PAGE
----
Junior Past Grand Master
Grand Lodge of Washington, IOOF
Sovereign Grand Musician
Independent Order of Odd Fellows
Here in the Pacific Northwest we’re not used to being on the forefront of anything. Apart from the occasional successful sports team or the rise of grunge music, we rarely attract attention. Recently, our close ties to Asia have put us on the forefront of the news for a very sobering reason: Coronavirus.
Currently, as I write this, the virus is ransacking our vulnerable populations in Western Washington. Residential care facilities for the elderly have been some of the hardest hit as hundreds are infected and dozens have already succumbed to its morbid conclusion. For the rest of us, we’re dealing with the strange side effects of hysteria like toilet paper shortages in our stores and cancelations of various group activities.
I am self-employed as a musician. This means that I depend on having gatherings of people and public events for about three-quarters of my income. All over Western Washington there are people whose lives are being impacted by the various quarantines and restrictions put in place to combat the spread of the virus. Servers are not getting called into work as traffic at restaurants is down. Caregivers are being stretched thin as they have to work overtime to cover for ill colleagues. Hotels and convention centers are sitting empty with all of their workers idle as events are canceled. The livelihoods of tens of thousands around the region are being threatened as life is torn up and walled off to protect people. All those people, like myself, are looking at a bleak financial future as sources of income are drying up right in front of us. A new initiate, who just joined the Order in late February, asked me a question: what’s going to happen to all of us who are dependent on gatherings of people to make a living? Are the banks going to stop collecting mortgage payments? Will the utilities give us grace periods to get caught up?
The best and most complete answer to this situation is found within the walls of our lodges. Odd Fellowship has its roots in the need of for self-preservation for the most vulnerable in society. The only means by which early working families had of blunting the cruel torrents of life was by contributing to mutual aid groups like the Odd Fellows. In our lodges, they found stability in an unfeeling, unstable world. We provided a measure of comfort when difficult times arrived. Odd Fellowship was never about personal glories or tributes or regalia or amassing acclaim. It was about finding ways to band together and help each other out in difficult circumstances.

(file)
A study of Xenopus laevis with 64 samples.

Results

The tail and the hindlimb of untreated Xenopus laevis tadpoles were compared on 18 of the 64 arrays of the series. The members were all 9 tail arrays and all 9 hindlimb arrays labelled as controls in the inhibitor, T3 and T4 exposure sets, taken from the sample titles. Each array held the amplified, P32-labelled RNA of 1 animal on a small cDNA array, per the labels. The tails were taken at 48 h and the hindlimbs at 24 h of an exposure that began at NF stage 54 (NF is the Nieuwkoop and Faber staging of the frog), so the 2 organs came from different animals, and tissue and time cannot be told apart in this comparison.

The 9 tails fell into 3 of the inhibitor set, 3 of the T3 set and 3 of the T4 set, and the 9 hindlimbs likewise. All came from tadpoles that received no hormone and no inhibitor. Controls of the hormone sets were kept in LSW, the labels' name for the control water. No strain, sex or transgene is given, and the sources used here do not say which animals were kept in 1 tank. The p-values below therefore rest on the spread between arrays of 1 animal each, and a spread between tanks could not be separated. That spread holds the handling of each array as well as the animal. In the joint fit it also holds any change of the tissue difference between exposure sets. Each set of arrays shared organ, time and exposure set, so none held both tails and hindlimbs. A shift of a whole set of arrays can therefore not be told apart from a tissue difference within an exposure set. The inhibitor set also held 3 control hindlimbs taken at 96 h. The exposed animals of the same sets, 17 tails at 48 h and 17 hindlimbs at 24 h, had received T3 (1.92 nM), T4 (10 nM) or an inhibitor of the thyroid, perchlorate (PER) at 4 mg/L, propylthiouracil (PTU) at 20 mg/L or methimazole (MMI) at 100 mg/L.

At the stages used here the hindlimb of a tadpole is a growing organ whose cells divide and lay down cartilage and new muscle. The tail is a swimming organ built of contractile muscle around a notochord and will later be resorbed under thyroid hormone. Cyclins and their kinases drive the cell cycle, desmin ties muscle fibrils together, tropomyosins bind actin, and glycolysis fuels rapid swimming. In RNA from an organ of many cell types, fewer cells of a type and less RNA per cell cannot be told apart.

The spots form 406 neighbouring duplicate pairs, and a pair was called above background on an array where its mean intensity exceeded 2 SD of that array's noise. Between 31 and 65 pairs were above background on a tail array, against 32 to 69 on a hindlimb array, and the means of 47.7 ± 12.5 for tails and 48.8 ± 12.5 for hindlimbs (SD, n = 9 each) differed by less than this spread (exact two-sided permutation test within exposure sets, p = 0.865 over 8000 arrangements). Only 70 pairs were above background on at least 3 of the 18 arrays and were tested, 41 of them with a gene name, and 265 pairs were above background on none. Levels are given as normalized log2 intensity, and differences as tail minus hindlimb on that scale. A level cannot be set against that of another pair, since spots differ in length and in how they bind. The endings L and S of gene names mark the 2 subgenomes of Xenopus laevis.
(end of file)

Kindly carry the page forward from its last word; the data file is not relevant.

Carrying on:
It’s at times like this when I wish we would not have abandoned the practice of paying out benefits to our members because these are the times when that kind of beneficial membership would be most valuable. Now would be the time when the Three Links of Odd Fellowship would shine like a beacon of stability when the world is tossed asunder by the crashing swells of chaos. Even without that beneficial membership we’ve abandoned in the past, we still have the solace of knowing our lodges are strong, stable places where we can meet for mutual consolation. I know that if my situation were to become dire my brothers and sisters in lodge would come to my aid in whatever capacity they’re able. Even just knowing they’ve got my back is very reassuring.
Our Order has withstood many challenges to humanity in its many centuries. Just in the two hundred years of the Independent Order we have faced wars, famines, disease outbreaks, natural calamities, and all manner of smaller-scale tragedies. Through it all, we’ve been there to lend a helping hand to our members to ensure that their need does not go unnoticed. We can never know when a major disaster is about to alter our lives in some unsuspecting way. All we can do is be good and faithful Odd Fellows so that we’re prepared to help when called upon. In the common parlance of the Internet, “Today you; tomorrow me.” Our ritual contains the same sentiments, albeit dressed up a little more, but it teaches the same lesson: we can never know when tragedy will strike the mightiest among us and render them weak and helpless. We must always be prepared to extend the hand of charity because we can never know when we’ll be on the giving or the receiving end.